Sometimes, a player’s value can rise just by sitting on the bench.

It’s been a common thread in each of the New Orleans Pelicans' past two victories. In both wins, a starter declined to re-enter the game late in the fourth quarter, allowing a surging Pelicans lineup to crest in the final minutes.

In Sunday’s win over the Philadelphia 76ers, it was DeMarcus Cousins who told coach Alvin Gentry he was better served leaving Dante Cunningham on the floor, helping the Pelicans maintain momentum in the franchise’s most productive fourth quarter ever.

Point guard Rajon Rondo followed suit on Wednesday, allowing Jameer Nelson to finish off the Milwaukee Bucks. Nelson nabbed a crucial steal in the final minute before assisting Cousins on his dagger 3-pointer.

“When those kinds of things are happening, you know guys value the team more than they think about themselves as individuals,” Gentry said. “So, I think that’s good.”

The lineup not only pulled the Pelicans back from a six-point deficit, but it also closed out a crucial home victory and sent a wave of optimism through their locker room.

“It’s about winning,” Cousins said. “That’s one thing I appreciate about this team is we play for one another. It’s about the win at the end of the night. It’s not about numbers. I think every guy in this locker room at one point in their career has gotten numbers. Right now, it’s about winning and trying to take that next step as a team. And that’s what it’s really about.”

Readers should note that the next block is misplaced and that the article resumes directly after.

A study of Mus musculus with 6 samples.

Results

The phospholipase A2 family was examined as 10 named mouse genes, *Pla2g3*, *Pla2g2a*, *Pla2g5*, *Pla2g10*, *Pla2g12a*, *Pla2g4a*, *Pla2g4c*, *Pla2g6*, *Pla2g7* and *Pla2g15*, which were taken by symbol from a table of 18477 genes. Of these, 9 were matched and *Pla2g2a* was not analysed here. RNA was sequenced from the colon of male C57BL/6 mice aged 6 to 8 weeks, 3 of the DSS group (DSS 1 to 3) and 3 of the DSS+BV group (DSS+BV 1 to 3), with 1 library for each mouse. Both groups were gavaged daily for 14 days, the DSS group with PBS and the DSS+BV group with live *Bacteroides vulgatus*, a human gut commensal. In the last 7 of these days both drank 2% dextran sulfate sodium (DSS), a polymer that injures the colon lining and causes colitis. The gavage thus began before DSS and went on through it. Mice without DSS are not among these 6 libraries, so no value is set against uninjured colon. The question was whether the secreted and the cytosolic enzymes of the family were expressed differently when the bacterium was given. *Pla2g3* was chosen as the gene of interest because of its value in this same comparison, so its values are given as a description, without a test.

It’s a trait Gentry pointed to as a bellwether of success. Not only does it display unselfishness with regards to staying off of the floor, but it also illustrates a trust in teammates to make plays.

The selflessness has translated into other facets as well. New Orleans dished out 35 assists on 45 baskets to beat the Bucks, extending a trend of increased ball movement that has vaulted the Pelicans into one of the league’s most explosive offenses.

New Orleans ranks second in the league in assists, averaging 26.7 per game, trailing just the Golden State Warriors. And those numbers are being generated from nearly every spot on the floor.

Only Rondo ranks among the league’s top 20 in assists per game, but Nelson, Cousins and Jrue Holiday are all among the top 45. The Pelicans lead the NBA by a wide margin in both shooting categories this month, converting 53.1 percent from the field and 46.9 percent from 3-point range.

“I just think we are very unselfish,” Gentry said. “We move the basketball, and we’ve been able to get good shots. Like I said, I thought we were doing that early in the year and we weren’t making them. And now, we’re just kind of locked in and we’re starting to make the shots.”

It goes hand-in-hand with starters sacrificing crunch-time minutes in pursuit of winning.

“Anytime we got it going, guys are holding themselves out because they don’t want to mess up that rhythm,” Anthony Davis said. “Like I said, the other night was Cousins and this time it was Rondo. So guys are unselfish, and guys just want to win. Whoever we have in the game when we’re rolling, we just want to stick with that unit and just continue to make stops and plays on the offensive end.”

In order to turn the selflessness into success in the standings, the Pelicans will need to find a way to string their momentum together for more than one night at a time.

New Orleans has alternated wins and losses throughout December, flipping back-and-forth over the previous eight games. They’ll aim to end that trend at 8 p.m. Friday, when they face the Nuggets in the Pepsi Center in Denver.

“I’d like for us to put together a streak of wins,” Gentry said. “But we are playing hard and we are competing, and that’s the main thing.”